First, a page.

They’re seen as the biggest brains around and, in many cases, the future of media. Yet put three technoratis in a room (or in this case a conference) together and even they can’t agree on how to assure the future of newspapers.

Sure everyone tweeted, blogged and even vloged about the toughest debate at SXSW, but no one has summed up the opinions of Clay Shirky, Dave Winer and Steven P. Johnson quite so nicely as the San Francisco Chronicle (and to that we say KU-dos, Mark Morford).

A brief summary of all three views can be found after the jump.


Clay Shirky
A teacher, consultant and author of books and articles addressing the social and economic effects of Internet technologie, Shirky is considered an industry expert when it comes to decentralizing technologies&#151such as social networks. Most of his essay focuses on what newspapers have been doing wrong all these years. In conclusion, Shirky determines we don’t need newspapers, we need journalists.

For the next few decades, journalism will be made up of overlapping special cases. Many of these models will rely on amateurs as researchers and writers. Many of these models will rely on sponsorship or grants or endowments instead of revenues. Many of these models will rely on excitable 14 year olds distributing the results. Many of these models will fail. No one experiment is going to replace what we are now losing with the demise of news on paper, but over time, the collection of new experiments that do work might give us the journalism we need.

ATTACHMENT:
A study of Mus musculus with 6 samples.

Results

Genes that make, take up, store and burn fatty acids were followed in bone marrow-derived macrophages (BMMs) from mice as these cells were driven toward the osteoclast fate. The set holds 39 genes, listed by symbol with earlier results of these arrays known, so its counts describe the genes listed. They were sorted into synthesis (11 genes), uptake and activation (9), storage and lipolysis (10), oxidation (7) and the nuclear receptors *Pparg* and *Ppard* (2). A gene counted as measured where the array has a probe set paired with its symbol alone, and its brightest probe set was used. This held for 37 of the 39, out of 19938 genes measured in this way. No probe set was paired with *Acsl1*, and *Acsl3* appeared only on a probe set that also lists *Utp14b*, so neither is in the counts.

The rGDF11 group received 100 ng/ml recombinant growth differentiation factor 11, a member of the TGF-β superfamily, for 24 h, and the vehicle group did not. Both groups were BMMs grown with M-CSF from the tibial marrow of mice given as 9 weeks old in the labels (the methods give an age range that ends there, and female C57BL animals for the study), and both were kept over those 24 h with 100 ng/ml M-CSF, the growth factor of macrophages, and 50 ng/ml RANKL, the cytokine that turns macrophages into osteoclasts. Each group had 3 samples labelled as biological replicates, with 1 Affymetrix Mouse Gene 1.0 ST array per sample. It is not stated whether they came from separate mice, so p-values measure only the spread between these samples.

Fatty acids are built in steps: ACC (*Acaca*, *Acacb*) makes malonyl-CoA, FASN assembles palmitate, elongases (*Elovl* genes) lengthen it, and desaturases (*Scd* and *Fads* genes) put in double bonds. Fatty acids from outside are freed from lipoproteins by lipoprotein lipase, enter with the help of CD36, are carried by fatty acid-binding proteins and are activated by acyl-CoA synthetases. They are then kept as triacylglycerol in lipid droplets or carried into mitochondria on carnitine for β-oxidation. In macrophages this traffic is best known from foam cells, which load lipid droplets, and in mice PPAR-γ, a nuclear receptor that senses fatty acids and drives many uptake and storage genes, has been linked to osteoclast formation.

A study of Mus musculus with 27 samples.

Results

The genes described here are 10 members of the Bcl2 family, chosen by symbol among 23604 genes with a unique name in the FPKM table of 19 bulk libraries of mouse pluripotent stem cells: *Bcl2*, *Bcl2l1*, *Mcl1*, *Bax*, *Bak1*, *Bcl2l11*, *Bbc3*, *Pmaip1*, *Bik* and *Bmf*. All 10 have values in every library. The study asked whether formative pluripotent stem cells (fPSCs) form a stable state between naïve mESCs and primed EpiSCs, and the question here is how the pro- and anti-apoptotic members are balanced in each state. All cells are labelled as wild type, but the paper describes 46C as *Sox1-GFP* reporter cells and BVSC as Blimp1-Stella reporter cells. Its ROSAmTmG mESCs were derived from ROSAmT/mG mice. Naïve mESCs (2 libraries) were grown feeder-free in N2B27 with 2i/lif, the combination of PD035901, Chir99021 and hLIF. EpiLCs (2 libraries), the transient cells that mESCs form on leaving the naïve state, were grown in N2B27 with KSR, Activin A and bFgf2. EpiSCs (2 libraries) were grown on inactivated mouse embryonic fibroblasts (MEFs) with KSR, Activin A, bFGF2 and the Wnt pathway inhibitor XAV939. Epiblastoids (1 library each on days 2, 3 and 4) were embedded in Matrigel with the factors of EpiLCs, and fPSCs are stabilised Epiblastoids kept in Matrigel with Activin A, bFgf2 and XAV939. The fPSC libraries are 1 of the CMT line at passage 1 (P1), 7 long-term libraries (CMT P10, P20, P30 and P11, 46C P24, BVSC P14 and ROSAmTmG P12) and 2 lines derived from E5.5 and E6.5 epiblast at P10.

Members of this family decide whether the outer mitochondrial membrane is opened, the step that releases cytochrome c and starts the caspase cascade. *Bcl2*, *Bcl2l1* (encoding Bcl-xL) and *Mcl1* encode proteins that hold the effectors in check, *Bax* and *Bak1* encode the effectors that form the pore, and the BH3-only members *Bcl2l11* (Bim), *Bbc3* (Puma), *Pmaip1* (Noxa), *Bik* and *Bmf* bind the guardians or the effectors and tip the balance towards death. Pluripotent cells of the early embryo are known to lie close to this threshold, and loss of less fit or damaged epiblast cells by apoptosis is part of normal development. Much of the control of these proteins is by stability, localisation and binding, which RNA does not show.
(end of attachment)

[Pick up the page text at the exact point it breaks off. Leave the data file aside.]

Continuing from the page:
Dave Winer
As a long time tech pundit, Winer’s claim to fame is that he has been on top of every tech revolution before it occurred. He pioneered the development of weblogs, syndication (RSS), podcasting, outlining, and web content management software. A little more bold than Shirky, who admitted he didn’t know exactly what would save the newspaper industry, Winer believes without hesitation citizen journalists will be the future of news. With a decentralized media, everyone will be reporters&#151and everyone should be taught how to be journalists&#151and we will have a messy, yet in his opinion, more truthful source of information. Of course he doesn’t actually propose how we will know what exactly is true. We’re just going to have a huge mess of information to cull through and pick out truths on our own, we suppose.

Stephen P. Johnson
According to Newsweek Johnson was one of “Fifty People Who Matter Most on the Internet”. He is the cofounder of Outside.in, best-selling author of four books discussing the intersection of science, technology and personal experience, and was the former editor-in-chief of FEED, the revolutionary web magazine. He views media today as a complex system of flows and feeds that brings it closer to the real world ecosystem. He even lays out a flow chart of this ecosystem:


While it’s clear that everyone has an idea of what to do to save newspapers, mostly it has something to do with more people and less authority, no one has any idea how this industry will survive economically. If you have a better notion please leave us a comment.